BlackLotus – First EUFI Bootkit Malware To Bypass Windows 11 Secure Boot

The Slovak cybersecurity company ESET has discovered the first publicly known malware capable of bypassing Secure Boot defenses in Unified Extensible Firmware Interface (UEFI) bootkits, called BlackLotus. The bootkit is capable of running on fully updated Windows 11 systems, disabling OS-level security mechanisms, and deploying arbitrary payloads during startup with high privileges.

According to ESET, BlackLotus is programmed in Assembly and C, is 80 kilobytes in size, and is available for purchase at $5,000 (with a subsequent version costing $200). The malware also includes geofencing capabilities, avoiding infection in several countries.

BlackLotus exploits CVE-2022-21894, a security flaw that allows arbitrary code execution during early boot phases, enabling malicious actors to carry out harmful actions on systems with UEFI Secure Boot enabled without requiring physical access. The vulnerability was addressed in Microsoft’s January 2022 Patch Tuesday update, but the affected, validly signed binaries have yet to be added to the UEFI revocation list, making its exploitation still possible.

The bootkit turns off security mechanisms like BitLocker, Hypervisor-protected Code Integrity (HVCI), and Windows Defender, while dropping a kernel driver and an HTTP downloader to communicate with a command-and-control (C2) server to retrieve additional user-mode or kernel-mode malware.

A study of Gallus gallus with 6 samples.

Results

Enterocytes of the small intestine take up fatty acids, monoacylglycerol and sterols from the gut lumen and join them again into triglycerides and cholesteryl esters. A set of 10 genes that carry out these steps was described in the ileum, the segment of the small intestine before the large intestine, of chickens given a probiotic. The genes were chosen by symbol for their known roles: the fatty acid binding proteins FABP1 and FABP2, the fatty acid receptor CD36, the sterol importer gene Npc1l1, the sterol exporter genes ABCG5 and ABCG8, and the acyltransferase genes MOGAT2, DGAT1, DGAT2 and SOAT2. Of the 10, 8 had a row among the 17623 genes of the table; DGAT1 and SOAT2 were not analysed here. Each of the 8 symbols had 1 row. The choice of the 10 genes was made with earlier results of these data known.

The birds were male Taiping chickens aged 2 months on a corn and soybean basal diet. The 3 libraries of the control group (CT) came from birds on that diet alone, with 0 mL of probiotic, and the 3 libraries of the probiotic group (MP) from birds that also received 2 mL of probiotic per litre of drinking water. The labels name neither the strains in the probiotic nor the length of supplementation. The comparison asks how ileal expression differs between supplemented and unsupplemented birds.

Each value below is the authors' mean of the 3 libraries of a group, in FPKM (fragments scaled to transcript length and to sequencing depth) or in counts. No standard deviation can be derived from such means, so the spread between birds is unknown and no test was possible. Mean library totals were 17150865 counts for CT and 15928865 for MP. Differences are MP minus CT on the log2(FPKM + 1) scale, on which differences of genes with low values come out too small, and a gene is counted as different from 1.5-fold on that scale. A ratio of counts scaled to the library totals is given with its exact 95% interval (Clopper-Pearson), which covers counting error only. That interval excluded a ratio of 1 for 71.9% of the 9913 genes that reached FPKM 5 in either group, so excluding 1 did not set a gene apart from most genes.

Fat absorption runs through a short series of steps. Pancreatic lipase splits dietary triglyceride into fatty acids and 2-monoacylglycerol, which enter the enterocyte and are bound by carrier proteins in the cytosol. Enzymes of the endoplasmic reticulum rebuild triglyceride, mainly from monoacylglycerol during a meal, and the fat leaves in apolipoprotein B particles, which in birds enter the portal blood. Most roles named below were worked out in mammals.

The exact modus operandi used to deploy the bootkit is still unknown, but it starts with an installer component that writes files to the EFI system partition, disables HVCI and BitLocker, and reboots the host. Following the restart, CVE-2022-21894 is weaponized to achieve persistence and install the bootkit, which is then automatically executed on every system start to deploy the kernel driver.

ESET researcher Martin Smolár said that “many critical vulnerabilities affecting security of UEFI systems have been discovered in the last few years. Unfortunately, due the complexity of the whole UEFI ecosystem and related supply-chain problems, many of these vulnerabilities have left many systems vulnerable even a long time after the vulnerabilities have been fixed.” Smolár further noted that it was just a matter of time before someone would take advantage of these failures and create a UEFI bootkit capable of operating on systems with UEFI Secure Boot enabled.

The security community is encouraged to remain vigilant and take appropriate measures to secure their systems against such attacks.